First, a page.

We Be Jammin'

Thursday, July 28, 2011
No doubt, you've surmised that it's berry season here at Of Woods and Words. Or, as I like to call it . . . "the most wonderful time of the year."Nearly every evening for the last week, I've headed out with my berry picking bucket (aka, a lidded Tupperware container) and have been steadily amassing berries. With two gallons of berries in the freezer, one pie made, and a batch of blueberry vinegar steeping away in the corner, it was time to focus berry picking efforts on restocking the jam pantry.   

Although there are berries galore in the woods, this year, as my scrapped-up shins can attest to, you have to work a little harder to get them. Last year the berries seemed to favor easily accessible open fields. This year, they've tucked themselves away at the top of granite cliffs and in crevices. They're as big and juicy as ever, but sometimes I feel like I could use shin guards. . . or climbing gear. It's been handy to have various watercraft at our disposal to use in this year's berry picking adventures. This is probably just classic, "the grass is always greener on the other side" but I swear the biggest, best berries live down the lake, where you have to paddle or motor to them.   

We took out the canoe on a nearby creek on Tuesday. We found a sandy beach, a ton of berries (and people . . . ah, wilderness!), and towards the end of our time out, we meandered down the river until we reached some rapids. We forded the river, which forms the border between the U.S. and Canada, and found the mother load of berries. With no container on me other than my camera case, I quickly filled up the case with big Canadian blueberries in about five minutes. Best use of my remote area border crossing pass ever.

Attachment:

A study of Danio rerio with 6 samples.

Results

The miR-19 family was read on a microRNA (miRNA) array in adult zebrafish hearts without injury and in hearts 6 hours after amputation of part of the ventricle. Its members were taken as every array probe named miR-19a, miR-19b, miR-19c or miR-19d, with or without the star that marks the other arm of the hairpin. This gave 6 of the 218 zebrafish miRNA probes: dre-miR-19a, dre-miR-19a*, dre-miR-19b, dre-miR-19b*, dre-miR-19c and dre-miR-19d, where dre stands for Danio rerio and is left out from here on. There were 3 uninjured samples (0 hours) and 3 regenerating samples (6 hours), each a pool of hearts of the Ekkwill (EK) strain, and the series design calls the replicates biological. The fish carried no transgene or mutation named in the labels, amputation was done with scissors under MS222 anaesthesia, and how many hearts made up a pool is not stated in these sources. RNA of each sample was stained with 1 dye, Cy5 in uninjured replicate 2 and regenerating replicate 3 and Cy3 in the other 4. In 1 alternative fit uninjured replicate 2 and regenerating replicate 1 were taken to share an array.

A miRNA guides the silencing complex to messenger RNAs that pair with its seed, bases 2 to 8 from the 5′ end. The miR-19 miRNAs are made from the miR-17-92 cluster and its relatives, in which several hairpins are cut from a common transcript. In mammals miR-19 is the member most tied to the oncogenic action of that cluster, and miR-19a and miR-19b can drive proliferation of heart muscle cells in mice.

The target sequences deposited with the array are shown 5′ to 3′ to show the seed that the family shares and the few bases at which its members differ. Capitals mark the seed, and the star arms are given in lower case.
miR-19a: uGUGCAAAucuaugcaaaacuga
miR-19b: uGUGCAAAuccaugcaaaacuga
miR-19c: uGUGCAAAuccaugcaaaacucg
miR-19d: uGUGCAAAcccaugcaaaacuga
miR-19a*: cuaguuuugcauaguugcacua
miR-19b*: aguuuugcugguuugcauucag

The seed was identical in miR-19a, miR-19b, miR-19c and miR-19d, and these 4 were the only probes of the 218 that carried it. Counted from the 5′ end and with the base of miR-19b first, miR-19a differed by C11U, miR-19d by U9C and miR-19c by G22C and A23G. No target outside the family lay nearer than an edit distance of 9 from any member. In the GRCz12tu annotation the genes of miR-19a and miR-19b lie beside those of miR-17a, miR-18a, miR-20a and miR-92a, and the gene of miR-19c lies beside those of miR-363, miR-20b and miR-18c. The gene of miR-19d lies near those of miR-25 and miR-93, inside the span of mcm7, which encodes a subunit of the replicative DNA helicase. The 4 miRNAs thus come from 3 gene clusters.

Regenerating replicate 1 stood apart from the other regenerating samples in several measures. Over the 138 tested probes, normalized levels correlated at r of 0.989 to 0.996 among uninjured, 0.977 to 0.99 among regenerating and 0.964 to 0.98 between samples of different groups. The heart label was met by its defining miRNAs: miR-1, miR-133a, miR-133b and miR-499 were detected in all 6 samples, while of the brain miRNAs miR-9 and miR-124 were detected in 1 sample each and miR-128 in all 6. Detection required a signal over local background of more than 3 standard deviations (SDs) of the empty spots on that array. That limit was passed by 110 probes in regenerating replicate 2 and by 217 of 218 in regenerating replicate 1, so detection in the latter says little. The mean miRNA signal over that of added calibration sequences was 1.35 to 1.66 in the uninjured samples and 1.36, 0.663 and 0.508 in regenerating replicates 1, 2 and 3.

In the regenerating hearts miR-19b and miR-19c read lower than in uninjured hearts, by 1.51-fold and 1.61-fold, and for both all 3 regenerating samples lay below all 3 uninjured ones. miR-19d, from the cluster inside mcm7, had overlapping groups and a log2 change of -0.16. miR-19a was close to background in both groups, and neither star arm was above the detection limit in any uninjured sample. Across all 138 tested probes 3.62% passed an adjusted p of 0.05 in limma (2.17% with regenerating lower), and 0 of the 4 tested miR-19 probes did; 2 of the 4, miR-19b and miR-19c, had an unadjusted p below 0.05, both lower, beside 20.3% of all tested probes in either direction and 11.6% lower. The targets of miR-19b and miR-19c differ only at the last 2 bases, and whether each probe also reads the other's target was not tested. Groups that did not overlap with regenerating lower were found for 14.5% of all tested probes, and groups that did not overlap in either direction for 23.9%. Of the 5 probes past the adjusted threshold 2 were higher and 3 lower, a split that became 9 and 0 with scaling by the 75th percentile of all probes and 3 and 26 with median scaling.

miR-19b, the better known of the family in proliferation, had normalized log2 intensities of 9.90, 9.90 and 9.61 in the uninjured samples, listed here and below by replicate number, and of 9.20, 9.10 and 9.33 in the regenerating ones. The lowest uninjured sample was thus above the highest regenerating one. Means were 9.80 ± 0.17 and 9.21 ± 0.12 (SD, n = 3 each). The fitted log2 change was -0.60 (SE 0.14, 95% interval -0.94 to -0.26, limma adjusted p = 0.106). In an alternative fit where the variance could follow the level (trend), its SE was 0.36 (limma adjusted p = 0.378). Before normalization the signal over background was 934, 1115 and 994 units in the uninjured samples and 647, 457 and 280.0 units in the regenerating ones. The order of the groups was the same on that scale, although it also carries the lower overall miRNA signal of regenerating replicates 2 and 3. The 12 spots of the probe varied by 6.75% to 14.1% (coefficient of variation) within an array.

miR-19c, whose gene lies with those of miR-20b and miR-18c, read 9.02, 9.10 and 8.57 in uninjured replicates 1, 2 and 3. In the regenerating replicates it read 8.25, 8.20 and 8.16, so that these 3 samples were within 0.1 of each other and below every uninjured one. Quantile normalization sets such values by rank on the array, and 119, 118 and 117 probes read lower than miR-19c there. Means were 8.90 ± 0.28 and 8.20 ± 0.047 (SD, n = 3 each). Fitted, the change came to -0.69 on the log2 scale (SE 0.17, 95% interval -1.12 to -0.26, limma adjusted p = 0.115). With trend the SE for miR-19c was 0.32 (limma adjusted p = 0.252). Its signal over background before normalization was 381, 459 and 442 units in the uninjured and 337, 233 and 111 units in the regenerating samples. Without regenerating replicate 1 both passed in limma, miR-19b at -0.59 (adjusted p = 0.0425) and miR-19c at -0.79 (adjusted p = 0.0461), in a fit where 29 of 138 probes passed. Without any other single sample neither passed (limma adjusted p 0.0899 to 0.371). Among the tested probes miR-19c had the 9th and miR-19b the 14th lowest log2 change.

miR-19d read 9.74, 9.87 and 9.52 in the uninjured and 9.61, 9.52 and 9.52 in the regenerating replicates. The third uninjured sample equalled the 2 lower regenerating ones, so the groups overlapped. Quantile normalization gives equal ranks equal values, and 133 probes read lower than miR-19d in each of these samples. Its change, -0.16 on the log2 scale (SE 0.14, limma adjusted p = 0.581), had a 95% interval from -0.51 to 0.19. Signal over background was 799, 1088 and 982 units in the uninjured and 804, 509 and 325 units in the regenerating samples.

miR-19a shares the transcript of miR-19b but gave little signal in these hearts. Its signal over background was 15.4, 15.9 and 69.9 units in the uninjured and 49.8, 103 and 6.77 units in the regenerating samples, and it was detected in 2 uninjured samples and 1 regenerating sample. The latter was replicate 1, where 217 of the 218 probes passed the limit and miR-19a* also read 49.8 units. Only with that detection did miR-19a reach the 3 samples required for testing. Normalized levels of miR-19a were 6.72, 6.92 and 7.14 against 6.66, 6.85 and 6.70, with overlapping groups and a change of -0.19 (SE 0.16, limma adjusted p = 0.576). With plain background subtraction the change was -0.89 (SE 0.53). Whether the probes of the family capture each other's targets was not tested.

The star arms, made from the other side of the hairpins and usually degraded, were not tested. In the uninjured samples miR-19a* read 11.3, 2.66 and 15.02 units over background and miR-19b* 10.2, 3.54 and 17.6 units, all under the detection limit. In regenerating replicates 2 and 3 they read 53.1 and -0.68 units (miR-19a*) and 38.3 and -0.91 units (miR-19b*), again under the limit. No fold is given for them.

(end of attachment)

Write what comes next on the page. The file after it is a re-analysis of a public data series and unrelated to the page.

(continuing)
This past Christmas, I received not one, but two water bath canners. (One got returned . . . there may be no such thing as too many blueberries, but there is such a thing as one too many water bath canners.) I'm feel blessed to have so many people who encourage my berry-picking obsession and on Tuesday evening I got to test out the canner for the first time. There were some nasty smells for a while as the water heated up and the canner burned off some paint/finish fumes.
But in the end, it did a great job of transforming this:

Into this:
Five pints of blueberry/raspberry jam.

Last night, I put up another three pints of straight-up blueberry jam. I've become enamored with the blog "Food in Jars" which could mean very good things for our winter pantry and very bad things for my social life/writing life/anything but domestic goddess life. More canning adventures to come soon!


  1. I canned some rhubarb jam in May and it's almost gone (husband eats it with a spoon *eyeroll*). Jealous of your wild berry excursions!But I have to ask.... how do you NOT get eaten alive by mosquitos? Do you just deet yourself from head to toe?!

  2. lovely! i have pushed canning off but great canning plans have consumed my schedule for next week!

  3. Yum! I love a good jam... even worth the scary smells, right? The boyfriend vaccuum seals and freezes fruits for us for the winter

  4. YUMMY! This looks delicious. I love homemade jam. I have wonderful memories with my parents and brothers of picking wild blackberries and then making jam and of course turn-overs with the berries!!!
    Loved this post today!

  5. I can't believe you're in water up to your waist in real clothes. I am not really sure that I could do that. Of course, if I lived up in the woods, I bet that would be a little different story.

  6. Ada, I miss you!! And your jam!!

  7. oooohhhh--- I love the idea of making jam!!!!!! I need to do this! (even if i don't have anywhere to pick berries)

  8. Ada, all looks so very wonderful. Yummy. Thanks for pointing me into the direction of food in jars! Wish I could have gone into the water with you. All for berries and more berries!